He was convicted on a number of charges, including attempting to overthrow the constitutional order, and was handed a 17-year sentence at the Navoi prison camp in central Uzbekistan.
A father of two, Samandar Umarov, 35, died on 2 January. The official cause of death was said to be a stroke.
An independent investigation into his death led by the U.S. democracy watchdog Freedom House with the cooperation of the Uzbek Prosecutor-General's Office announced its findings yesterday. Their conclusions, as presented by American forensic pathologist Ronald Suarez, were largely the same as the official version. "The death of Mr. Umarov on 2 January 2005 did not occur as a result of unnatural causes," Suarez said. "That is, it did not occur as a result of trauma."
Suarez said the Freedom House team conducted a comprehensive investigation but did not examine the dead man's body. Umarov's relatives refused to have the body exhumed, citing religious reasons.
Mjusa Sever, Freedom House's representative in Uzbekistan, told RFE/RL the investigation was based on a review of documents provided by Uzbek forensic officials. The team also examined tissue samples taken from Umarov's body before his burial.
"The first autopsy [conducted by Uzbek experts] -- unlike the previous cases we would deal with -- was done very well according to Western standards. It wasn't just looking for the immediate cause of death, but it was also a procedure that excluded any other kind of trauma. [It also included] taking all the necessary samples to look into possible poisoning, to look into changes in tissues. All the laboratory tests were done and we were given all the samples in order to repeat the laboratory tests," Sever said.
But family members and others have criticized the Freedom House findings as sloppy and incorrect. Human rights activist Surat Ikramov said anyone who saw the body would conclude that Umarov died not of natural causes, but from sustained torture.
"This is an absolutely wrong conclusion and it goes absolutely against the law. Our organization was first to provide information on Umarov's death. I personally went to his family's house and collected all the photos. His parents and family gave interviews to journalists. From the photograph of the body [the cause of his death] is obvious. His body was not exhumed. I don't know how the examination could provide a conclusion without exhumation. No one from an independent rights group was allowed be part of the investigating team," Ikramov said.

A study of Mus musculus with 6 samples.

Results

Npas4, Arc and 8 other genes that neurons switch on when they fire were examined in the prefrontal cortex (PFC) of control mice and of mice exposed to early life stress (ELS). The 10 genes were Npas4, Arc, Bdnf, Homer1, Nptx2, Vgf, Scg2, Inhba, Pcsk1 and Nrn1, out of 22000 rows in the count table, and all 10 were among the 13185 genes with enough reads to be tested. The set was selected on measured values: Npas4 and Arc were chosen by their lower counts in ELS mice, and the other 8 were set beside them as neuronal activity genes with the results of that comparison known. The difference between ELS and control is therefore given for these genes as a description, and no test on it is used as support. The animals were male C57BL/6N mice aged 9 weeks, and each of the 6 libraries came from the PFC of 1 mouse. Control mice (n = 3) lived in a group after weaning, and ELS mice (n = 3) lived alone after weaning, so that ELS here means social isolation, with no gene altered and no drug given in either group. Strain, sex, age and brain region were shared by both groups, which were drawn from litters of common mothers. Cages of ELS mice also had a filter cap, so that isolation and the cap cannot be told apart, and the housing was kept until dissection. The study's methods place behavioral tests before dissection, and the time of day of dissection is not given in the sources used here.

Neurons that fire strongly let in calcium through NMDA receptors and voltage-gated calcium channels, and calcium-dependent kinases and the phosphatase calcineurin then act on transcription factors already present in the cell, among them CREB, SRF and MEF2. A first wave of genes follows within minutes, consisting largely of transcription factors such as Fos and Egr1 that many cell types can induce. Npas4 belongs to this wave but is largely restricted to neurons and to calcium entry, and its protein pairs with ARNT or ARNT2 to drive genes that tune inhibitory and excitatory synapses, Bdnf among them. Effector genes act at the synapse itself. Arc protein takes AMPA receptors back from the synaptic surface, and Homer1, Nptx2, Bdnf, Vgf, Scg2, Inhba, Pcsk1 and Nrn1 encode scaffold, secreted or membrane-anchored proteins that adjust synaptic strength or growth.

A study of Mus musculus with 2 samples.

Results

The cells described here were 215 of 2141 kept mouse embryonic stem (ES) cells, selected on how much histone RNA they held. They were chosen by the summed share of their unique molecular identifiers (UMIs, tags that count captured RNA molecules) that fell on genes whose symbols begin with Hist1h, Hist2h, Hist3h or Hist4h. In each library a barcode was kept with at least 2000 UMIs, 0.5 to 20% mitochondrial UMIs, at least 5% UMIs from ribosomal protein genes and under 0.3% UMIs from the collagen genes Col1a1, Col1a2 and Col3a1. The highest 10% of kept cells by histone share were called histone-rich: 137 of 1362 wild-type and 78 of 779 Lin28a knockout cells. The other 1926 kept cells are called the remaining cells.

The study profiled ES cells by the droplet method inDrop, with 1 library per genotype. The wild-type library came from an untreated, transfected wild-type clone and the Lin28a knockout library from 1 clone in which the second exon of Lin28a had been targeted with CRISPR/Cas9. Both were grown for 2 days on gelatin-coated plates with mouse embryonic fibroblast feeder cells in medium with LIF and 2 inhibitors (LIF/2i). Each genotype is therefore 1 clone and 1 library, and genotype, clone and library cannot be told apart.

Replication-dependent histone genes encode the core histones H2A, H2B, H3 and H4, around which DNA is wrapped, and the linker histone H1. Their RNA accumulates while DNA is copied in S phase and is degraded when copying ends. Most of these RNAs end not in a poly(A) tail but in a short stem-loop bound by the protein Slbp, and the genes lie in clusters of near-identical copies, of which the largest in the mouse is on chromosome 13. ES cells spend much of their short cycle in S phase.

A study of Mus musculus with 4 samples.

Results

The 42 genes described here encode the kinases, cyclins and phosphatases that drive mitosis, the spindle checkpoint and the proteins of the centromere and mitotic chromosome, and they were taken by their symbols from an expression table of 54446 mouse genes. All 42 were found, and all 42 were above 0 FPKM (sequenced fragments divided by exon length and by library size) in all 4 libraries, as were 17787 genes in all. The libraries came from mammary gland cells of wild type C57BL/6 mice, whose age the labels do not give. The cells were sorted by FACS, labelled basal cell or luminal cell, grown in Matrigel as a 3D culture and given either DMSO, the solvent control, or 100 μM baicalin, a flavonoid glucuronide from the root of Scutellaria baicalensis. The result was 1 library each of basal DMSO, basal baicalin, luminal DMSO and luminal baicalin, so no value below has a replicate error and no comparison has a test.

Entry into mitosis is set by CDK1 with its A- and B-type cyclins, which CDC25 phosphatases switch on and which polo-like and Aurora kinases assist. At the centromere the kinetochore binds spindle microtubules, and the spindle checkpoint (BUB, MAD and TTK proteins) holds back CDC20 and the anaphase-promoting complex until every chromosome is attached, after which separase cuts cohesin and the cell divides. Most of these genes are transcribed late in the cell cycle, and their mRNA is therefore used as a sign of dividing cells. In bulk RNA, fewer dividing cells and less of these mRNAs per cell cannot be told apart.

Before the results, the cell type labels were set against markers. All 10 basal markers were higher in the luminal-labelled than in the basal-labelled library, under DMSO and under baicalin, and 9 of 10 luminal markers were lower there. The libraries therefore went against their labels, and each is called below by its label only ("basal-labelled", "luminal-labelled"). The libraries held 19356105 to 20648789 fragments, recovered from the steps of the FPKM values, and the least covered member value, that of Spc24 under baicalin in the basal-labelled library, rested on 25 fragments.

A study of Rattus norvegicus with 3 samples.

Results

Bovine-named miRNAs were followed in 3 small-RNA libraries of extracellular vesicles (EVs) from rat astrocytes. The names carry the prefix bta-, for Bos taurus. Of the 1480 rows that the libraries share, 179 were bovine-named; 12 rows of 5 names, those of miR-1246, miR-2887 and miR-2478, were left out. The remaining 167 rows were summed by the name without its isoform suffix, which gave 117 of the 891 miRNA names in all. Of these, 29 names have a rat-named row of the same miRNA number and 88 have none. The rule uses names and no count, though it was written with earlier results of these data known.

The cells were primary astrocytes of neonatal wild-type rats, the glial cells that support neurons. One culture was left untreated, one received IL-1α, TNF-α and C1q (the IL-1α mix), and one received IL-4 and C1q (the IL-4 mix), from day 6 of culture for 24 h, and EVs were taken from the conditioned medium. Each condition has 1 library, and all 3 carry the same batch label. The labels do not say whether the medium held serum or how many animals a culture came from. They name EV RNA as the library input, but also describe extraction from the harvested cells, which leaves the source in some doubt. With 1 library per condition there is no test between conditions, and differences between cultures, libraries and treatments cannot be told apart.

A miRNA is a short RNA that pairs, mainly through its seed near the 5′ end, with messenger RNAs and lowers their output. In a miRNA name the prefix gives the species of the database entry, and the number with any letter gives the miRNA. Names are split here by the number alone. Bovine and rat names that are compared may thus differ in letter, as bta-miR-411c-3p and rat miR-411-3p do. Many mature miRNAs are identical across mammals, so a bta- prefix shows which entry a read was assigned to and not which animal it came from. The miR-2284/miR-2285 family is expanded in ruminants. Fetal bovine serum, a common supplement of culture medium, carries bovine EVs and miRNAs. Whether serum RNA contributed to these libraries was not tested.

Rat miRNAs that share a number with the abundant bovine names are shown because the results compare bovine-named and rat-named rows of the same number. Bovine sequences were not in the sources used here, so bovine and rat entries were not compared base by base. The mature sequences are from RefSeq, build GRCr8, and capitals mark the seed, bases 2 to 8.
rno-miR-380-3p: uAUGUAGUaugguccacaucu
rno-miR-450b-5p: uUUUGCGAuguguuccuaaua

Umarov's older sister, Yashnar, said her brother's body was returned wrapped in a blanket and still oozing blood. A second relative also said there were clear signs Umarov had been tortured. "There was blood everywhere, his jaw was broken, and face damaged severely," his sister said. "We saw that sides of his body were bruised." The relative added: "Toenails and fingernails were pulled out. Of course, one dies if nails are pulled out."
Yashnar Umarova said the police who delivered her brother's body said an autopsy had already been conducted. They refused to present any official documents to the family, and pressed them to bury the body as soon as possible. During Umarov's funeral, relatives said the area was surrounded by large groups of policemen in order to prevent any independent observers from witnessing the body.
But representatives from three Uzbek rights groups did manage to see the body. They concluded Umarov had been tortured to death, and called for an independent investigation.
Mjusa Sever of Freedom House denied Umarov's nails had been pulled out, and said his family members had simply responded to stitches they saw on the body -- a result of the autopsy.
Vitalii Ponomarev, the head of the Central Asia Program of the Moscow-based Memorial human rights organization, told RFE/RL that since 1999, more than 100 Uzbek inmates have died in prison as an apparent result of torture. "We have information including the family names of 100 people," he said. "Seventeen of them died during pretrial incarceration, and 83 in prison camps. I believe this information is not complete and the general number may be as high as 300 persons."
Ponomarev said Umarov's case is one of very few to attract international attention. "Almost in all the cases of death, fake documents were made up that said the death was due to natural causes," he said. "In most cases, however, there were signs of torture on the bodies. Unfortunately, very few cases attracted international attention and few of those guilty of the torture were charged and tried."
Another death in custody took place the same day (2 January) as Umarov's but attracted little attention. Rayim Quldoshev, a 32-year-old resident of the southern town of Jizzakh, was called in for questioning and died four hours later. Police officials said he died of a heart attack.
But Bakhtiyor Hamroev, head of the local branch of the Human Rights Society of Uzbekistan, told RFE/RL he believed Quldoshev died after a blow to the chest received while he was being interrogated by four policemen. Jizzakh police officials said that a criminal investigation has been opened into the incident.
This is only the second time an independent investigation has upheld the official version that an inmate's death was a result of natural causes, not of torture. But observers say this case is particularly significant because it involves an alleged member of Hizb ut-Tahrir -- the group that is believed to be singled out for the worst treatment in prison.
Western rights groups have said torture is systemic in Uzbek prisons.